Some Guidance Please - How to become a database Administrator/Analyst

I have a question on which path to take on becoming a database administrator. I have spent the last several years working in inventory control for a nonprofit organization. I managed IT inventory and also played a small role in helping to implement an inventory database. I participated in gathering business requirements, user acceptance testing, and helped with data cleansing. I have a degree in business and entry level IT certs (A+, Net+) which seem irrelevant in today's market. I'm not sure which path to take in order to achieve my goal of becoming a database analyst. At least that is what I believe the position would be called. I'm looking for insight on certifications or training that would be needed to enter this field. I have been trying to learn SQL on my own and have a long way to go. I guess I am trying to decide if formal education is the way to go (i.e. going back to school) or if there are certs/training that can help me. Any feedback is welcome.

While Oracle gets a bad rap, they have plenty of courses available. I'd look into some of those. In general, I don't know that you'll find IT certs much use, and while a business degree can help, it'll be more late career stuff than entry level Database Admin work.

First let me preface this and say that my title is software developer, however I've done a lot of database heavy development/ "DBA-type" work in the past. You are correct. Certs don't seem to be as a big of a deal now as they were before. I would also note that I learned more at internships and summer IT contract work then I ever did while I was in school. Trial by fire so to speak. With your degree already in hand, I would focus on learning the skills necessary for the job you want. I would look for internships, temp to hire, or something where you can get experience "shadowing" or assisting a current DBA. I would bet DBA's are a tougher sell to smaller businesses who usually just hire a developer or network admin who does the DBA work in addition to their other duties (the case I was in before we hired a DBA). If this holds true outside my past experiences, you may have to look for these positions at bigger companies.

Like AnimeJ said, Oracle does courses. I know Microsoft offers courses for SQL Server as well. As a potential DBA, SQL is going to be very important as you are going to have to know how to optimize queries for speed, performance, and cost of using vs. another approach. Of all the things I've taken with me from job to job, SQL has been the most transferable. I would also do some experiments with the products themselves. Download the trial versions of the big ones (SQL Server Express and Oracle) and learn to set them up. Play around with settings. Being familiar with the application, knowing some SQL, and talking semi coherently about them are going to go a long way for a potential internship.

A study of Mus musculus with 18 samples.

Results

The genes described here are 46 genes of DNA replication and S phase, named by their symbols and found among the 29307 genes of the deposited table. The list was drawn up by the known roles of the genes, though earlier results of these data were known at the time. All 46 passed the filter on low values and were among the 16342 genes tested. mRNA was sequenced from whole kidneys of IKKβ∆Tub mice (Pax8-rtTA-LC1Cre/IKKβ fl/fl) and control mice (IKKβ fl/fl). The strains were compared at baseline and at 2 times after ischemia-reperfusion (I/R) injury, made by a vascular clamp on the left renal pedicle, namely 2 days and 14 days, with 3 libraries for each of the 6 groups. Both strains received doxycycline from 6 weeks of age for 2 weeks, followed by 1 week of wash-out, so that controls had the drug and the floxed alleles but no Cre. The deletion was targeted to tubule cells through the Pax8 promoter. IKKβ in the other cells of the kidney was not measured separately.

You mentioned Database Analyst, but I've never seen the title at any company I've worked for (doesn't mean it doesn't exist!). Gathering requirements and user acceptance testing sound a lot more like things a business analyst (this might be your current job??) would do. With your business degree that would probably be a lot easier to migrate to without being database specific. Perhaps that's the direction you were intending? Hope that helps and let me know if you have any more questions!

Entry level DBA jobs are pretty rare. Most DBAs tend to work their way into the role starting out as a report writer, BI analyst, or developer convert.

If you're going Microsoft, go pick up a copy of SQL Server 2008/2012 developer edition. It costs about $50, the license is for learning/testing only, and is a full enterprise class install. Then you go to codeplex and get the AdventureWorks and AdventureWorksDW databases (lots of sample data, the DW is "Data Warehouse" for BI/Cube work). After that you get books, and do online exercises. For example, you want to learn how to modify a cube, technet has the tutorial. For DBA stuff, SQL Server 2008 R2 Unleased is a great bible.

Lastly as CPT said, learn SQL, learn it well. Inside and out. Once you have a grip on things, look for entry level positions and start networking at local user groups. There are SQL Saturdays, SQL SIGs, and even PASS (professional association sql server) events that occur all over the country. Great place to learn and network.

Getting the certification doesn't hurt, but without experience it's not going to provide as much value unless you get in with a contracting firm.